Implementing tactics that make your products more affordable will generally increase sales because consumers are always looking for a great price online.
Price is an important factor that almost every shopper takes into consideration before making a purchase, whether it’s big or small. Pricing varies across retailers, but does the lowest price always win?
The answer is that it depends on the product’s popularity, its elasticity, and its vendor. More often than not, having the lowest price is going to help your odds at winning a sale.
So when should you strive to have the lowest price? There are a couple of conditions.
Normally with elastic products, you have to accept whatever price the market dictates, because these products are heavily commoditized.
If you were to increase the prices of these products, you would receive negative feedback from customers. However, if you dropped your price below a competitor’s temporarily, you could stick out.
That’s because most commoditized products have short buying cycles.
No one heavily contemplates what kind of paper towels they’re going to buy quite the same way they contemplate what kind of laptop they’re interested in.
These special products are inelastic, meaning a price increase will not lead to a sudden drop in demand. It’s also good to focus on high-margin products.
The biggest thing you lose by cutting your prices is profit, but products with substantial margins are definitely safer candidates for price cuts since they can cushion the blow.
Dropping your prices to become the lowest is a great way to move inventory and win some additional sales over the competition.
However, the negative effects of constant price cuts outweigh the positive ones, and regularly lowering your price is far from sustainable.
Frequent price cuts burn profits, cheapen your brand, and fail to offset shipping costs.
When it comes to the long term they condition shoppers to only go to your store when your prices are low. This results in mere spikes instead of a steady increase in conversion rates.
When it comes to an area of focus for your business, you could step back from constant price cuts and instead focus on improving your store and your brand value.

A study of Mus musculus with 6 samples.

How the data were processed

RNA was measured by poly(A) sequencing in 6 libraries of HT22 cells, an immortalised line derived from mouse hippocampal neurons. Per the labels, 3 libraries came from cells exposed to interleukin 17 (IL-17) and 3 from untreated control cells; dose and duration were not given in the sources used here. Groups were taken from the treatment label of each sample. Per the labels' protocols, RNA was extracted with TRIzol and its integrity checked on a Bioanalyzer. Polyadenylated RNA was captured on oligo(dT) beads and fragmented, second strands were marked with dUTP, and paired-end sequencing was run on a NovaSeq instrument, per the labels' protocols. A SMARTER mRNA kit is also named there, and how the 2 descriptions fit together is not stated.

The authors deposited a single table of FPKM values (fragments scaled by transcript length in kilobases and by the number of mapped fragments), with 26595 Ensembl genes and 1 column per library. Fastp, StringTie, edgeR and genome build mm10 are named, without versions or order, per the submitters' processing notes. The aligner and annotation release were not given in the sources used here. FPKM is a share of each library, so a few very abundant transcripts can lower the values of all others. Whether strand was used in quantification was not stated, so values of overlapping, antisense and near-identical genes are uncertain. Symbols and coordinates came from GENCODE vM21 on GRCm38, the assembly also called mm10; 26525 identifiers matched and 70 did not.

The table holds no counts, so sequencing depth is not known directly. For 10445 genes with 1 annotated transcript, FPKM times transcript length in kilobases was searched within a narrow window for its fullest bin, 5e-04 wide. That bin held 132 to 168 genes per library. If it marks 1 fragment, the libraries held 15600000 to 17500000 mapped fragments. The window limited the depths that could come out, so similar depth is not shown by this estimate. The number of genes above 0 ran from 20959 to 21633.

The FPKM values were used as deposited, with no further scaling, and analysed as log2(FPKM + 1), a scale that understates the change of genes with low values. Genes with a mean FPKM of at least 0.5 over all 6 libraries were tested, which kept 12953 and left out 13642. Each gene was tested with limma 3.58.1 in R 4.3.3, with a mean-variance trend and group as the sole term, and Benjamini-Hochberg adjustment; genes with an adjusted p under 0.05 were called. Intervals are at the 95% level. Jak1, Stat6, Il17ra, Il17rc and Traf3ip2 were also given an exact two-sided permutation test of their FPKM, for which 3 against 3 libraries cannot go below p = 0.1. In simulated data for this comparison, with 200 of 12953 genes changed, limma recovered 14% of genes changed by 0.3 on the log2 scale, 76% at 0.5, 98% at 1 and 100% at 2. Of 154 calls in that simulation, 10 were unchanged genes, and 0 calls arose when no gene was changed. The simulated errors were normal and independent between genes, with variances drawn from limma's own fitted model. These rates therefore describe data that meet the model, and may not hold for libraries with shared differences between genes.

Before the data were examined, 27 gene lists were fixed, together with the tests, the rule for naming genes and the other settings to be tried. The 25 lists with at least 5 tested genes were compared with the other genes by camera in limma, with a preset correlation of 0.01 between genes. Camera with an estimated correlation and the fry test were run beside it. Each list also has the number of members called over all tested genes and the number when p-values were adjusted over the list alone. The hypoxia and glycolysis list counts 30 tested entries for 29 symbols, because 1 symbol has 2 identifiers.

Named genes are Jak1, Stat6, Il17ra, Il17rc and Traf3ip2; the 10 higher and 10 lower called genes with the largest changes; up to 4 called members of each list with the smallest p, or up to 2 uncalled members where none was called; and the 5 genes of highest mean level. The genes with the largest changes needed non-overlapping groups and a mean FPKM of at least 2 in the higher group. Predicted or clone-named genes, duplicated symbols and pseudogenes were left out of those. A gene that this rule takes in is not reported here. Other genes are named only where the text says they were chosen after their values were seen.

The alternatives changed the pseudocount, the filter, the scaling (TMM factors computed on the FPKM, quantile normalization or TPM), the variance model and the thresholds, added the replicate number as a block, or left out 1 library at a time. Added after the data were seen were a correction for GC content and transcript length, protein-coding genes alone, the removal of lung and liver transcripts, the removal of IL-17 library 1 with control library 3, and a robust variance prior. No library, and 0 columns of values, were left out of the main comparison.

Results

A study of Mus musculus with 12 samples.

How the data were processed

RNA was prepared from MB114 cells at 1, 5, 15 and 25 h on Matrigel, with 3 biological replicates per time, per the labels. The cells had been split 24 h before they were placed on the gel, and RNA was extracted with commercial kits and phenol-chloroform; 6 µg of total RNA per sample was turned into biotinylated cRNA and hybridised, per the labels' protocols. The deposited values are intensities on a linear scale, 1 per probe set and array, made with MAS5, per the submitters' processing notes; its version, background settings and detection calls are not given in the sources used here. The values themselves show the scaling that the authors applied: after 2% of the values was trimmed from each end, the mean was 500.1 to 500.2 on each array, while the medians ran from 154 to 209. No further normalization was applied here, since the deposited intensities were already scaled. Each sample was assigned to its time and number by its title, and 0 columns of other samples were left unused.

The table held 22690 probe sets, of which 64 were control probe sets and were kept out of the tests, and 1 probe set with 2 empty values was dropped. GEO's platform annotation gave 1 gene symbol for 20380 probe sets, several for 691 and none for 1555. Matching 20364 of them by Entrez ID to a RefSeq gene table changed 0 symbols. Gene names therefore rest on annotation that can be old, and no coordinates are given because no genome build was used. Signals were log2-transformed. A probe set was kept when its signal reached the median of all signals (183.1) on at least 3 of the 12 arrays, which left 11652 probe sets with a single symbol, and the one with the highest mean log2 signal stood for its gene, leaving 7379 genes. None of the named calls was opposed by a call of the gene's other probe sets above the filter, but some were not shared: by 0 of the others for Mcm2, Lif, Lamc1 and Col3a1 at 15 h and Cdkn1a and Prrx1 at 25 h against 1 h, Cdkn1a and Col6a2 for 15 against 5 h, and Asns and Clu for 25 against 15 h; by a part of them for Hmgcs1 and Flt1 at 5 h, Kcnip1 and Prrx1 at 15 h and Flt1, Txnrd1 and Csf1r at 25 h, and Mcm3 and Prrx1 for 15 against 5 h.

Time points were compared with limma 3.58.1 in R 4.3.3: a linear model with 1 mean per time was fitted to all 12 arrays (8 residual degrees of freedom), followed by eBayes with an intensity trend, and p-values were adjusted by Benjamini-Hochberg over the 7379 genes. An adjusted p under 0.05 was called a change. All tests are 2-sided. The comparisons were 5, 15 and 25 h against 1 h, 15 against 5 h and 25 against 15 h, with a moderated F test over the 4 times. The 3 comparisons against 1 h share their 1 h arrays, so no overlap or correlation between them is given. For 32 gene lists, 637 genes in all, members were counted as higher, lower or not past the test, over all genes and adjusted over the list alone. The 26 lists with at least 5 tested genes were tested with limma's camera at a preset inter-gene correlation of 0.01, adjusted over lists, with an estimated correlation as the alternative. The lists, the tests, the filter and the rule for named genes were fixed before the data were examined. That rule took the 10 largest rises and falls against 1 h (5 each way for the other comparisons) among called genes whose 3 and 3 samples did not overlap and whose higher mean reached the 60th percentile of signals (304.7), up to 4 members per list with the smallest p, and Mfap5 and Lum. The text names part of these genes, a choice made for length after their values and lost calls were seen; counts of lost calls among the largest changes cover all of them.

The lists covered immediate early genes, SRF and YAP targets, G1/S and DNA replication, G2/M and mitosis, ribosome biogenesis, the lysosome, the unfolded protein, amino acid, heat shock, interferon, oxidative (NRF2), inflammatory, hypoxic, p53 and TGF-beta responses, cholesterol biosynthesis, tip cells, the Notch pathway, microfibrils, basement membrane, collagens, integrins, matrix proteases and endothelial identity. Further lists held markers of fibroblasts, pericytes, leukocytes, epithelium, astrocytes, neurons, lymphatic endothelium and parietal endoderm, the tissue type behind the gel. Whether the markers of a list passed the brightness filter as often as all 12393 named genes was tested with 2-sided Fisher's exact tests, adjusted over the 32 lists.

Brand value is far more useful to improve your conversion rates in the long term, unlike short term spikes that come with price cuts.
Your store can experience the following benefits when you devote your energy to your brand value:
A genuine interest from consumers
If you do nothing to build your brand, few customers are going to pay any attention to what your store has to say in its advertisements or social media presence.
Start by treating customers right with live chat on your site, helping them with every step of their purchase process.
Having a helpful social media account in which you respond and talk to your audience is a great way to draw attention to your brand.
Natural traffic increase
One of the most powerful tools in your brand arsenal is your current customers. And one of the most useful marketing practices is word of mouth marketing.
If you present a great shopping experience on your site with hassle-free returns, free shipping, or discounts that encourage shoppers to return at a later time, your customers are going to tell their friends.
This leads to more shoppers visiting your store to check it out for themselves.
This natural publicity is not only cheaper than PR, but at times it can be more effective. Roughly 70% of shoppers trust brand recommendations from friends, and for a good reason.
The recommendations come from a trustworthy source, and are often far less abrasive than sponsored content or direct advertisements.
When you put all of these positive attributes together, you can afford to justify price premiums over your competitors.
When you perform A/B tests with your pricing strategies, you’ll be shocked to learn that many times you can price above your competitors and still maintain sales. The reason is tied back to your brand value.
A dynamic pricing strategy can take your brand value into consideration when repricing your products.
Instead of aimlessly dropping your prices and hurting your margins, a self-learning algorithm can find the sweet spot in your prices and help you protect profitability while winning sales over your competitors.
All in all, constantly working to have the lowest price in your store is a great way to achieve a spike in sales, but improving your brand value is far more sustainable.
It isn’t the easiest way to succeed in ecommerce, but it will improve your online presence and earn respect from shoppers.